How to Make a Designer-Inspired DIY Flow Wall Desk Dupe

We are back with a new episode of Can I Really Make That? The viral Flow Wall Desk by Robert Van Embricqs has been spamming me, you, and everybody on the planet. I don’t know whether to classify this as furniture or art; it’s literally so genius. So today, we will attempt to make our own DIY flow wall desk dupe.

Flow Wall Desk by Robert Van Embricqs

Tools and materials

1. Make the tabletop

First, we’re going to make the half-circle shape for the tabletop. To do that, I have a thick piece of wood, around 3cm (1.18 inches) thick. I wanted thick, sturdy wood for this DIY because we’re going to be cutting a lot of holes in it later and I wanted to make sure it would hold.

Use a measuring tape to find the center, tape string to that point, and attach a pen to the end of the string. Then, draw your half circle.

Drawing a half circle for the tabletop

2. Measure & mark the wood pieces

Next, stack the wood pieces side by side, following the curve of the tabletop. I kept the distance between each in increments of 3cm (1.18 inches) and a little more for the ends, as shown. Towards the center of the tabletop, the increments were smaller.

Draw around the ends to get the shape we need to cut.

Measuring and marking the wood pieces

3. Mark the wood pieces to the same length

As you can see, I took the shortest of the lengths and marked all the others against that. However, I won’t cut this until nearer the end of the process.

Marking along the wood pieces

4. Cut the tabletop

Cut out the staggered pattern along the curve with your jigsaw.

Cutting out the tabletop with a jigsaw

So this is what you should have so far.

Cut template for the flow wall desk

5. Add the hinges

First, mark every section of wood so you know which pieces go where.

Marking the wood pieces and placement with letters

I needed the hinges to fall to the front, so I’m keeping them on the edge, then I’ll put the wood pieces directly on them.

Remember to drill a tiny hole before you insert your screw, or else the wood is going to pop.

Repeat for the entire length of the table.

Screwing the hinges in place

Screw the wood pieces to the other sides of the hinge.

Attaching the hinges

6. Adjust the end pieces

As you can see in the original, there is a slight bend on the end pieces to help the desk attach to the wall. I decided to use two end pieces for either side for more stability.

Looking at the flow wall desk as reference

Measure 4cm (1.57cm) from the top and cut straight.

Measuring the end pieces

Then, add the hinges to the top. This time, in the opposite direction because we want it to fold away from the wall.

Attaching the hinges for the end pieces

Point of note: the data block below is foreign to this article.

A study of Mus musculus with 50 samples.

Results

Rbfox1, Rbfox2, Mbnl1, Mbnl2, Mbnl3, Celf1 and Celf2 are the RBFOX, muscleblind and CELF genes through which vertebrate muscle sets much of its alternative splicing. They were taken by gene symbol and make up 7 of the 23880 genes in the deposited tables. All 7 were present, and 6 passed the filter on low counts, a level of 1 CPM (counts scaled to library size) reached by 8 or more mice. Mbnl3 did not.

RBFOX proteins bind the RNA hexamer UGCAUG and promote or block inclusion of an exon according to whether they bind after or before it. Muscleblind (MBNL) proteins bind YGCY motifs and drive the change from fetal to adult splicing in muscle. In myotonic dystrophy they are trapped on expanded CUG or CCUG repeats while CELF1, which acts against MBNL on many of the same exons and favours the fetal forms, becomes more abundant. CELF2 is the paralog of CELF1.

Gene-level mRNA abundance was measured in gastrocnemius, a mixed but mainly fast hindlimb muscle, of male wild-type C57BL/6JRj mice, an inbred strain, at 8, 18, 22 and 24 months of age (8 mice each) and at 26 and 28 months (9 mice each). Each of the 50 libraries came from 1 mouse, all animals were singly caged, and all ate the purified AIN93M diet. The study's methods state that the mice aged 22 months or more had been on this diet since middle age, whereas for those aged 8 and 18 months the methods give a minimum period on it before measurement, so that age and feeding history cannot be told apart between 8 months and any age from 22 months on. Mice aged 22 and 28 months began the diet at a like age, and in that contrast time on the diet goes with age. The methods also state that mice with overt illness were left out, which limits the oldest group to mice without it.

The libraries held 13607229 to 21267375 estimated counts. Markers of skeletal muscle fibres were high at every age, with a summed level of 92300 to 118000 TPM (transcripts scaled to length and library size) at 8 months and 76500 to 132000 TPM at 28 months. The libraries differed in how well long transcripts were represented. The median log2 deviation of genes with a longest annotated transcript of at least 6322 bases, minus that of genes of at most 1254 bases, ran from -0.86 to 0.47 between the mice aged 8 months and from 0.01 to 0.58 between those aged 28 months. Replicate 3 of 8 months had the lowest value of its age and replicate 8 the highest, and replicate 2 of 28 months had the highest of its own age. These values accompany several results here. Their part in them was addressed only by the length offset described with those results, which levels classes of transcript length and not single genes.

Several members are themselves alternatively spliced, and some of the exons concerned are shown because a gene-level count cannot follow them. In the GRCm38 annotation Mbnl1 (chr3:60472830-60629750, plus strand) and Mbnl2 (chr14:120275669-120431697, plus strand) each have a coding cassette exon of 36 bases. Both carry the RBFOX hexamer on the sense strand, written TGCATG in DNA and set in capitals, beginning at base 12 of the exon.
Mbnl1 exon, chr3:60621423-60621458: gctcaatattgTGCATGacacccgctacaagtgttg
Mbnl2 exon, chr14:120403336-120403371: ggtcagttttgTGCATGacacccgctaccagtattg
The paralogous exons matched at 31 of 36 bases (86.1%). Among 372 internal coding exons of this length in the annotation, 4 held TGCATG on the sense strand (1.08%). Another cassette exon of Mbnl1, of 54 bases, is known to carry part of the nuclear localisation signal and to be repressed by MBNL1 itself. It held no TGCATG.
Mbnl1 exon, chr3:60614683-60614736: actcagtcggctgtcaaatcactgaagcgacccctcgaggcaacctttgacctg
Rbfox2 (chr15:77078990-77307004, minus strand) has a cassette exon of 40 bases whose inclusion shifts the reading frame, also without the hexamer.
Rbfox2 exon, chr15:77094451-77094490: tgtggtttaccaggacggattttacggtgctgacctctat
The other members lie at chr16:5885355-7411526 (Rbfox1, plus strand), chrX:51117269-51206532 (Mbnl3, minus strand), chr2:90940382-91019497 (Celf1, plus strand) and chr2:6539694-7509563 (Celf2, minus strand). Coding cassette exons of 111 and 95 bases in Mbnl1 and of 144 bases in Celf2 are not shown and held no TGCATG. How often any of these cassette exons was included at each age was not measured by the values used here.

This flexibility allows the desk to open without scraping the wall.

Hinges on the end pieces

7. Drill the desk to the wall

Once you have everything set and you know where you want your desk to be, drill holes in the end wood pieces.

Drilling the end pieces

8. Mark where the metal rod will go

Now, we’re going to insert a metal rod through all of the wood pieces in the middle, so that they don’t fall forward when the desk is opened. Attach it in place, then mark along the wood pieces where it needs to be.

Marking where the metal rod will go

9. Cut the wood pieces

Remember that we marked the length of the wood pieces at the beginning? Now you can cut them with your jigsaw.

Cutting the wood pieces to length

10. Make the attachments for the metal rod

Most tutorials would tell you to drill holes for this step, but we’re going to do something quicker, easier, and budget-friendly! We’re going to use string to hold the rod in place. Mark where the string will go; this accounts for the movement and flexibility of the rod.

Marking where the string will go

Then, attach string along those lines.

Attaching the strings to the wood pieces

11. Drill a hole in the tabletop

Finally, we’re going to drill a hole here at the back middle of the desk. This way, we can use our finger to open the desk.

Drilling a hole in the tabletop

12. Hang the desk

For this part, you will need some help in the form of another person, as it’s very heavy; I have my husband. We’re going to hang the desk and insert the metal rod at the same time.

Hanging the DIY flow wall desk

DIY flow wall desk dupe

Here is the finished DIY flow wall desk dupe! What do you think of it? Of course, it’s not a perfect replica of the original, but I think this is an achievable, basic DIY version that someone can recreate at home as a fun project.

I plan to give this a lick of paint in the near future, but I haven’t decided on a color yet. I have quite eclectic taste so, any recommendations?

  • Wyldecent Wyldecent on Jul 06, 2023
    Impressive! What about painting every piece a different color? Or use metallic paint? Either would look great
  • Linda Moore Linda Moore on Jul 07, 2023
    Awesome job! I like the natural look of the wood. I would just go over it with a polyurethane, and let the wood speak for itself.